Reply
 
Thread Tools Display Modes
 
Old 04-11-2016, 10:13 PM   #1
New Member
 
Join Date: Apr 2016
Location: middle of nowhere, Nebraska
Posts: 5
Year: 1980
Schoolhouse and schoolbus!

I'm renovating an old one room schoolhouse and a 1980 Chevy Shortbus, because... and apparently I like

Haha! I'm in the middle of the school reno, but just starting the bus. I'll need a bit of help with the bus, because I'm better with workworking than with metal. I've seen wood walls in buses, and I can't quite figure that out yet-- how do you attach to the metal walls of the bus?

Anyway, here it is. The bus anyway!



gratefuldeadbus is offline   Reply With Quote
Old 04-11-2016, 10:40 PM   #2
Bus Geek
 
Robin97396's Avatar
 
Join Date: Feb 2016
Location: Willamina, Oregon
Posts: 4,882
Year: 1997
Coachwork: Bluebird
Chassis: TC 1000
Engine: 5.9
Send a message via Yahoo to Robin97396
Welcome.

No link?
Robin97396 is offline   Reply With Quote
Old 04-11-2016, 11:03 PM   #3
New Member
 
Join Date: Apr 2016
Location: middle of nowhere, Nebraska
Posts: 5
Year: 1980
Oh! Just figuring this out-- thought I'd attached pictures! Thanks Robin.

Here's the link:
https://www.flickr.com/photos/johnnyvintage/
gratefuldeadbus is offline   Reply With Quote
Old 04-12-2016, 12:29 PM   #4
Bus Geek
 
Robin97396's Avatar
 
Join Date: Feb 2016
Location: Willamina, Oregon
Posts: 4,882
Year: 1997
Coachwork: Bluebird
Chassis: TC 1000
Engine: 5.9
Send a message via Yahoo to Robin97396
That's a clean little bus. Really cute pics of the kids too.

Is that a gasser?
Robin97396 is offline   Reply With Quote
Old 04-12-2016, 01:53 PM   #5
New Member
 
Join Date: Apr 2016
Location: middle of nowhere, Nebraska
Posts: 5
Year: 1980
Yes, regular gas. Got it from a guy in Manhattan, KS who painted it purple because he was going to K State. Luckily he's done the "dirty work" and taken out all the seats. I ripped out one piece of the plastic floor covering, and there seems to be rotten wood under it. Not taking any chances. Taking kids to the prom in it on Friday. One thing though, if you know: I took out the (non working) heater in the back of the bus. Disconnected electrical but I'm unable to disconnect the "tubes"-- that's a technical term, lol. I unscrewed the metal bits around the tubes that seemed to secure them, but I can't get the tubes to disconnect. Sorry for the inability to name these things-- I can name any technical thing on a camera, but this stuff? Not a chance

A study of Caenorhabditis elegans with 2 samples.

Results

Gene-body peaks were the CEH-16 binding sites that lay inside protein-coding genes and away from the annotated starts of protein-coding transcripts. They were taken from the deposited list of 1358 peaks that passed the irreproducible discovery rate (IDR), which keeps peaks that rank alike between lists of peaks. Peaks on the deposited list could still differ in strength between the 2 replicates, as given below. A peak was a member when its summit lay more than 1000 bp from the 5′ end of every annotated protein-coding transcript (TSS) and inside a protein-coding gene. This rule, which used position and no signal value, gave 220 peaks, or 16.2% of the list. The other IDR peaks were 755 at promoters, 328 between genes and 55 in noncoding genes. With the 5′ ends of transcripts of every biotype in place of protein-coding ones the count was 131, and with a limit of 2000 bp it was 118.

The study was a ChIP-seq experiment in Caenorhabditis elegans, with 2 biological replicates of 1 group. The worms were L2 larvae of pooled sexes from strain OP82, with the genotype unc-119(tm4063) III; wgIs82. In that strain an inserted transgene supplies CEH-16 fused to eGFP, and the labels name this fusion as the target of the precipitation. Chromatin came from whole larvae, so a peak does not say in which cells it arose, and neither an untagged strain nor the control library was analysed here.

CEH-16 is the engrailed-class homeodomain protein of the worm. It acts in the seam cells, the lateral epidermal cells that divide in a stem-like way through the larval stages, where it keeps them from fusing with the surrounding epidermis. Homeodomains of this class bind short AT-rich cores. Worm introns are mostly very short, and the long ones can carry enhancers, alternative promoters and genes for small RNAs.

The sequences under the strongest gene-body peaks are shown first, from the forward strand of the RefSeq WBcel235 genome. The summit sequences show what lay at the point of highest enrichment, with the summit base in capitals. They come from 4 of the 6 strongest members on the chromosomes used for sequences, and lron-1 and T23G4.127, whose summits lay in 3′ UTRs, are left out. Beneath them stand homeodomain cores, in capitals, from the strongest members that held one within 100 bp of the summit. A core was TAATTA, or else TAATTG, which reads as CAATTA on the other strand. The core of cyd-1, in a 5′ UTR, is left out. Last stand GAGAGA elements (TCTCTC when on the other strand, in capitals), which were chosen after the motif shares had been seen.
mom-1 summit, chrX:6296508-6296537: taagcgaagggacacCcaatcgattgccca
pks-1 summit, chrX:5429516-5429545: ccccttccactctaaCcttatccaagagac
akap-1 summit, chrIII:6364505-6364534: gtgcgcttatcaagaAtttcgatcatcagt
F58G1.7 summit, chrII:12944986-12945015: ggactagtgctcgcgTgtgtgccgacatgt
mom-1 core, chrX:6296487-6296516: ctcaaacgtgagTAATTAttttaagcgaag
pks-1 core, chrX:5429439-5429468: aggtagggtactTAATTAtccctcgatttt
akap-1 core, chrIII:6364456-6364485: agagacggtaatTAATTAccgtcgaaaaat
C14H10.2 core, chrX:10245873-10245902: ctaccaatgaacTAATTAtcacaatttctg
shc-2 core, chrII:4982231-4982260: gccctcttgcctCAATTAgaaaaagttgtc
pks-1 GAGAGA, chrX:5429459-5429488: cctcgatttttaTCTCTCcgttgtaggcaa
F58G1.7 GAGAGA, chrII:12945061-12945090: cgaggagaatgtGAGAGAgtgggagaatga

gratefuldeadbus is offline   Reply With Quote
Old 04-12-2016, 03:42 PM   #6
Bus Geek
 
Robin97396's Avatar
 
Join Date: Feb 2016
Location: Willamina, Oregon
Posts: 4,882
Year: 1997
Coachwork: Bluebird
Chassis: TC 1000
Engine: 5.9
Send a message via Yahoo to Robin97396
Well, color blind me. I thought it was blue and that's why I was admiring it so much. It's a wonder I'm not driving around a purple bus. It looks so clean and straight for it's age.
Yeah, most older buses have rotten plywood in the floors. It's wet and has very poor insulation qualities. That's often the first thing to get ripped out.

So the back heater wasn't working? If you've removed it you've probably figured out why it's not working. They usually have many years worth of compiled dust bunnies, gum and trash stuck in them. Aside from that there are valves near the engine block, or sometimes one by the driver's feet, that turn off the hot water to the rear heater off in the summertime.

As far as disconnecting your heater, is part of that problem rubber hoses attached around a metal pipe held on by hose clamps? Some have two rubber hoses that run along the drivers side floor to the rear of the bus. The hoses connect to the tubes on the heater. If you're not going to use the heater again, or if you want to replace the hoses before reinstalling the heater, you can simply cut the rubber parts with a razor knife after removing the hose clamps. Just slice the hose lengthwise a couple inches enough to get it loose from the (probably) copper tubes on the heater core.

If you're not going to use the heater again you'll obviously need to use a short section of pipe and two hose clamps to create a loop in the two water hoses to prevent antifreeze loss. Initially the loop can be full length going back to where the heater was, but eventually you'll want to remove and shorten the loop.
Robin97396 is offline   Reply With Quote
Reply

Thread Tools
Display Modes

Posting Rules
You may not post new threads
You may not post replies
You may not post attachments
You may not edit your posts

BB code is On
Smilies are On
[IMG] code is On
HTML code is Off
Trackbacks are Off
Pingbacks are Off
Refbacks are Off


» Virginia Campgrounds

Reviews provided by

Powered by vBadvanced CMPS v3.2.3

All times are GMT -5. The time now is 05:14 AM.


Powered by vBulletin® Version 3.8.8 Beta 4
Copyright ©2000 - 2017, vBulletin Solutions, Inc.